In nearly all circumstances, it is good to challenge ones abilities, regardless of the consequences. The only way by which one will learn to improve is by challenging his limitations, exemplifying the old maxim practice makes perfect. However, in spite of the merit of the attempt, the consequences of attempting to challenge ones abilities may be devastating.
To challenge ones abilities, especially those abilities deemed sub-par, can hardly be construed as a malicious act, even if said act is an exercise in futility. The story The Scarlet Ibis, by James Hurst, centers around this concept of challenging ones abilities. These challenges begin when the narrator of the story initiates his attempts at turning his handicapped brother into an average youngster. Although these attempts are based on the inherent selfishness of the narrator, his attempts to help his younger brother have positive consequences.
Because the narrator had the impetus to help his brother, affectionately called Doodle, his brother was able to overcome one aspect of his crippling aspect, and learn to walk. This is definitely an example of how it is good to challenge ones abilities, as the challenge led to the adaptation of the ability to walk, which is an incredibly useful life-skill. The narrator also continued to try to teach Doodle to do other athletic activities with skill, such as swimming and tree-climbing. These challenges did not succeed as had their predecessor, but they were nonetheless the manifestations of positive thoughts, again exemplifying that to challenge ones abilities is positive.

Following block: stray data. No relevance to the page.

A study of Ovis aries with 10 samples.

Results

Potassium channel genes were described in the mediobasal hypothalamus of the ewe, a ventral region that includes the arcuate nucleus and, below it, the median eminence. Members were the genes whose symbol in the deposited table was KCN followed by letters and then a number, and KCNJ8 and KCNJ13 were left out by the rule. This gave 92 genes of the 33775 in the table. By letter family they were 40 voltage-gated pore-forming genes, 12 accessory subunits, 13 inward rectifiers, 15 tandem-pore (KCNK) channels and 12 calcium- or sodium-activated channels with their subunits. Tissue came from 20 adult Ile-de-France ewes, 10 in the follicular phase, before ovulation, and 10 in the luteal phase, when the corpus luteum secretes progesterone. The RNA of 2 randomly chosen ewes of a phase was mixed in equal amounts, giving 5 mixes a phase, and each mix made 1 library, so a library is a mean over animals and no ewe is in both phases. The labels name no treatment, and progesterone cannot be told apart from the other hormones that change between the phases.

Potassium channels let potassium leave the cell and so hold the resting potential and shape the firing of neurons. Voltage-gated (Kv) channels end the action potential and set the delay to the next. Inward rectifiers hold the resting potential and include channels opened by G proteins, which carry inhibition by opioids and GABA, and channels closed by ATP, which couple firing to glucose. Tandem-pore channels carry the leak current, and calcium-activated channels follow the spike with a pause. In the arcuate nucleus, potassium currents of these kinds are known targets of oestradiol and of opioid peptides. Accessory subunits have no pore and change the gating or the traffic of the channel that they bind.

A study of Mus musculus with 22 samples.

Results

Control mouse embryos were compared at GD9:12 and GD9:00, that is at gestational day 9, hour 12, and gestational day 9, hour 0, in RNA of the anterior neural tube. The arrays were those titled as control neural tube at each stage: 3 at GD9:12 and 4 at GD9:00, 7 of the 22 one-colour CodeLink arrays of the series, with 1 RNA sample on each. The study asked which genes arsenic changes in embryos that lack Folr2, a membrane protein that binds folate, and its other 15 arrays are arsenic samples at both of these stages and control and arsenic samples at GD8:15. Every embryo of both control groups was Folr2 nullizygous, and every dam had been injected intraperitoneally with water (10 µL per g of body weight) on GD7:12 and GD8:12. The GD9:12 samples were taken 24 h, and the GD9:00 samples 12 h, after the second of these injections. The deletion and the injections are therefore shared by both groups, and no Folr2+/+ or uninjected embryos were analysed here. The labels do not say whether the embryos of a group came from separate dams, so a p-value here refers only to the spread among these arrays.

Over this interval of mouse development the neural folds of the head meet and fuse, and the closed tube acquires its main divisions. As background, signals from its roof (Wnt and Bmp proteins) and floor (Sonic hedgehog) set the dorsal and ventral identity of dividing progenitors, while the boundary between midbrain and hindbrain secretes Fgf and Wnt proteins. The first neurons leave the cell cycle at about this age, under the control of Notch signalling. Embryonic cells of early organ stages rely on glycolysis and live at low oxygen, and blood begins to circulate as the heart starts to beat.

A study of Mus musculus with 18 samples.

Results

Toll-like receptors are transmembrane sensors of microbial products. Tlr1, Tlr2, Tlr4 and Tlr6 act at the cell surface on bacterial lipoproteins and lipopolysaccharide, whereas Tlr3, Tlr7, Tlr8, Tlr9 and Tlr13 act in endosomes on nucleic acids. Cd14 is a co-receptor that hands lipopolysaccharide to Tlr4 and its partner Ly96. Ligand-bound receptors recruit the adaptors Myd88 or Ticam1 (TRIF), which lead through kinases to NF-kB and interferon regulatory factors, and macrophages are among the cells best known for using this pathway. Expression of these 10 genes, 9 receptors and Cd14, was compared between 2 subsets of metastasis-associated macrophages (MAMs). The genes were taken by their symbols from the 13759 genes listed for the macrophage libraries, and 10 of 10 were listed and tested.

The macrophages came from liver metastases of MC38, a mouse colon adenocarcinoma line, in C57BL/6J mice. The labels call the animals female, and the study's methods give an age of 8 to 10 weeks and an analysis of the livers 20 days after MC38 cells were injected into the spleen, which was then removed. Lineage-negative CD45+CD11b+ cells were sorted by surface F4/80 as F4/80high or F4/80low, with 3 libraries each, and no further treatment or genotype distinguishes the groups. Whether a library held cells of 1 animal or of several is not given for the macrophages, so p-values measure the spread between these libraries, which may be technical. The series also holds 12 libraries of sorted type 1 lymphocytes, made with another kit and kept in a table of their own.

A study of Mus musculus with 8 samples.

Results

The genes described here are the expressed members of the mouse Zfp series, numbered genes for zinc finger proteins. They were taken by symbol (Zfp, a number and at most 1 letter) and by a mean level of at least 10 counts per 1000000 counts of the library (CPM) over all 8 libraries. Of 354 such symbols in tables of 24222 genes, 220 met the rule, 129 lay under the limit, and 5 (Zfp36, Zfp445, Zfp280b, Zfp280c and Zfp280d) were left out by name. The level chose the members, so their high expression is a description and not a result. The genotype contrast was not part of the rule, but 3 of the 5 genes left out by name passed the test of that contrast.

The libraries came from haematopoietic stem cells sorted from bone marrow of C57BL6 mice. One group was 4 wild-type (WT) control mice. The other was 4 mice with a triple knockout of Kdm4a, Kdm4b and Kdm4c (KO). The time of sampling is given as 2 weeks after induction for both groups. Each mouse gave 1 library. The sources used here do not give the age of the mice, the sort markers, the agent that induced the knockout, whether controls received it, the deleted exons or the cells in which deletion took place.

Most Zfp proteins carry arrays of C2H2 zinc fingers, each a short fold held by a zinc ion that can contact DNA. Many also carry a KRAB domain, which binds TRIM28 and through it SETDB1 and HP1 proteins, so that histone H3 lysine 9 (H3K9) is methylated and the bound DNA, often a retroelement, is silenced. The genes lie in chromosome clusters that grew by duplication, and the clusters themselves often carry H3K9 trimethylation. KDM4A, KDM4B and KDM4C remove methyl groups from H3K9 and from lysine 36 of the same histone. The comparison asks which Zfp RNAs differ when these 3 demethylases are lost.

Doodle so greatly benefited from his ability to walk that at an attempt to further his athletic prowess only seemed natural to his brother. And, in spite of the fact that these attempts were futile, and even led to Doodles own death, the attempts were reflections of love, reinforcing the belief that it is good to challenge ones abilities, regardless of the consequences.